The Cowessess First Nation announced the discovery of 751 unmarked graves near the site of the Marieval Indian Residential School, approximately 160km east of Regina, Saskatchewan, on Thursday. The bodies were found using ground-penetrating sonar across an area of 44 000 square meters.
The site is believed to have been a cemetery for victims of the residential school, which operated from 1899 to 1996. Cowessess First Nation took over the school’s cemetery from the Catholic Church in the 1970s. Cowessess Chief Cadmus Delorme stressed in a news conference following the announcement that this was not a mass grave, but a series of unmarked graves. It is believed that the church had removed the grave markers sometime in the 1960s.
The discovery is the largest uncovering of remains at a former residential school since the discovery of 215 children’s remains in Kamloops, British Columbia, earlier this year. Since then, 1,323 bodies have been discovered at various sites across Canada, including those at Marieval. It is widely accepted there are many more yet to be found.
Canadian Prime Minister Justin Trudeau said that he was “terribly saddened to learn that the remains of children had been found in unmarked graves,” and that the discovery is “a shameful reminder of the systemic racism, discrimination, and injustice that Indigenous peoples have faced–and continue to face–in this country.”
Recently there has been increased political pressure on the national government to increase the pace of the implementation of the 94 calls to action of the Truth and Reconciliation Commission (TRC). The TRC was created after a federal inquiry into the residential school system in Canada; the commission presented its findings in 2015. Since then, conservative estimates suggest only nine of the calls to action had been fully implemented.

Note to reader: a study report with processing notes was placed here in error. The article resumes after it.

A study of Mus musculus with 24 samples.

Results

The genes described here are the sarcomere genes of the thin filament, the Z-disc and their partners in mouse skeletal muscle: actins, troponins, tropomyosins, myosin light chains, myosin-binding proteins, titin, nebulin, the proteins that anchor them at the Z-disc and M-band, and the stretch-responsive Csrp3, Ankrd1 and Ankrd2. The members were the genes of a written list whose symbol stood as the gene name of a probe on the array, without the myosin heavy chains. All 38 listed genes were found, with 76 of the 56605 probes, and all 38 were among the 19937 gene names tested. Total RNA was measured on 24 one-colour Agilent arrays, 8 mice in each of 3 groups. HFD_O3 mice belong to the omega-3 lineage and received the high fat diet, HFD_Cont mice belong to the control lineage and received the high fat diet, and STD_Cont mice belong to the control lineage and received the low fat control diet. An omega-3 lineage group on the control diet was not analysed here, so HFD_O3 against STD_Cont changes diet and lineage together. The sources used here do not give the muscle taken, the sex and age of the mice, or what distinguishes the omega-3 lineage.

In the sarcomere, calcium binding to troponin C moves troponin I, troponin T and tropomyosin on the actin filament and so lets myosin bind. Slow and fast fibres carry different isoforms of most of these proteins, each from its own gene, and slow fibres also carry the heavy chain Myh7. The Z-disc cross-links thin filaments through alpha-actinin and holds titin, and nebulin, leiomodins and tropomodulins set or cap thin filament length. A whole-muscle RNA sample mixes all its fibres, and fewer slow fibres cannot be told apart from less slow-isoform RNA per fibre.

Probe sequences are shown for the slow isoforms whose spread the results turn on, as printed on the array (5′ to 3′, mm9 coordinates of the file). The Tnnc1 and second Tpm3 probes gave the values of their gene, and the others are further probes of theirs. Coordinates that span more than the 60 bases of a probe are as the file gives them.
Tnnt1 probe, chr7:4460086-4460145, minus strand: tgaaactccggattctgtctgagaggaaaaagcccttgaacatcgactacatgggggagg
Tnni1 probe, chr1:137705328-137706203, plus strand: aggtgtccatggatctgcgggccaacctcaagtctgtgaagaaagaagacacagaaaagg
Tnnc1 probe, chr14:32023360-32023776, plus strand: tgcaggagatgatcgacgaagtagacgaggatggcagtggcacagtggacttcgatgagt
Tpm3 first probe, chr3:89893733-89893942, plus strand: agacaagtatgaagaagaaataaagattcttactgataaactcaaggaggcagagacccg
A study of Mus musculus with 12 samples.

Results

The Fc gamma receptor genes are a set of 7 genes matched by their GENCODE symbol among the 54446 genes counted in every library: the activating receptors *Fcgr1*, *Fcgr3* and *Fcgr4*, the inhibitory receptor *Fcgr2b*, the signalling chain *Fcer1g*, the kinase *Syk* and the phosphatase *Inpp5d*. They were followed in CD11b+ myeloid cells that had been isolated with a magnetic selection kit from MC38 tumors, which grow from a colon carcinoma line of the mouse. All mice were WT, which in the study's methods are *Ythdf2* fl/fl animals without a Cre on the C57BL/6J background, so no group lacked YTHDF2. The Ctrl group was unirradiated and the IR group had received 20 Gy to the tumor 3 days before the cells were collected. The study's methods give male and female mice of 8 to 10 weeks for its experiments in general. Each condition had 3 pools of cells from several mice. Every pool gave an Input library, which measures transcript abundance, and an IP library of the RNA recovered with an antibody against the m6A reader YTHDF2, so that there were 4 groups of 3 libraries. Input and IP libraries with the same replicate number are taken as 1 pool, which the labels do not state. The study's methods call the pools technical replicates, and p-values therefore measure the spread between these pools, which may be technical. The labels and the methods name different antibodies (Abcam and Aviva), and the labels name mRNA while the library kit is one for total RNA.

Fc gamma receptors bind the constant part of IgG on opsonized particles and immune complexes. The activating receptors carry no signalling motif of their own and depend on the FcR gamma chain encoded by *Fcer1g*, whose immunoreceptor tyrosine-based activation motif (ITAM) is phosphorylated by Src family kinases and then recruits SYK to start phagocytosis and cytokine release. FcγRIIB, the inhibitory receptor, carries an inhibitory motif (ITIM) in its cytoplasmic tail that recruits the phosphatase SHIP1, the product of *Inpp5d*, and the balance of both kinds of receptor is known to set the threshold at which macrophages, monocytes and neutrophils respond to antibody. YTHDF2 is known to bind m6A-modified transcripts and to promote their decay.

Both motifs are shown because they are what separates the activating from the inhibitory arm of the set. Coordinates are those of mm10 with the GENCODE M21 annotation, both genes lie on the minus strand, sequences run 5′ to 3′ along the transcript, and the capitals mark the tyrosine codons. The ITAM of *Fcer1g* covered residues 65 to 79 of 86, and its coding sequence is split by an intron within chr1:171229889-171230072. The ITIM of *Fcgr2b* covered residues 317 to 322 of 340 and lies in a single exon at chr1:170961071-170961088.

After the discovery in Kamloops, opposition parties voted overwhelmingly in favor of a motion that called for the federal government to aggressively implement the remaining calls to action and cease litigation against survivors of residential schools. The ruling minority Liberal party refused to vote on the matter.
One of the calls to action is to receive an apology from the Pope for the role of the Catholic Church, something the Papal office has not yet agreed to do. The Archdiocese of Regina, however, has issued an apology to Indigenous peoples of Saskatchewan and pledged “meaningful, concrete acts” to accompany his words. The Provincial opposition leader Ryan Meili echoed the Archdiocese sentiment, saying Canadians “have to face these horrors head on and take real, meaningful and swift action on Truth and Reconciliation.”
The Canadian Parliament passed a bill on Wednesday recognizing the UN Declaration on the Rights of Indigenous Peoples (UNDRIP), 14 years after it was adopted by the UN General Assembly. The bill requires the government of Canada to align the country’s laws with the declaration and implement a plan for achieving its stated objectives. Canada initially voted against UNDRIP, and only signed on in 2016.
An estimated 150,000 First Nation, Inuit, and Métis children attended residential schools across Canada between the 1880s and 1996, when the last school finally closed. The TRC documented the stories of survivors, which often told of mistreatment by teachers and caretakers, including emotional, sexual and physical abuses.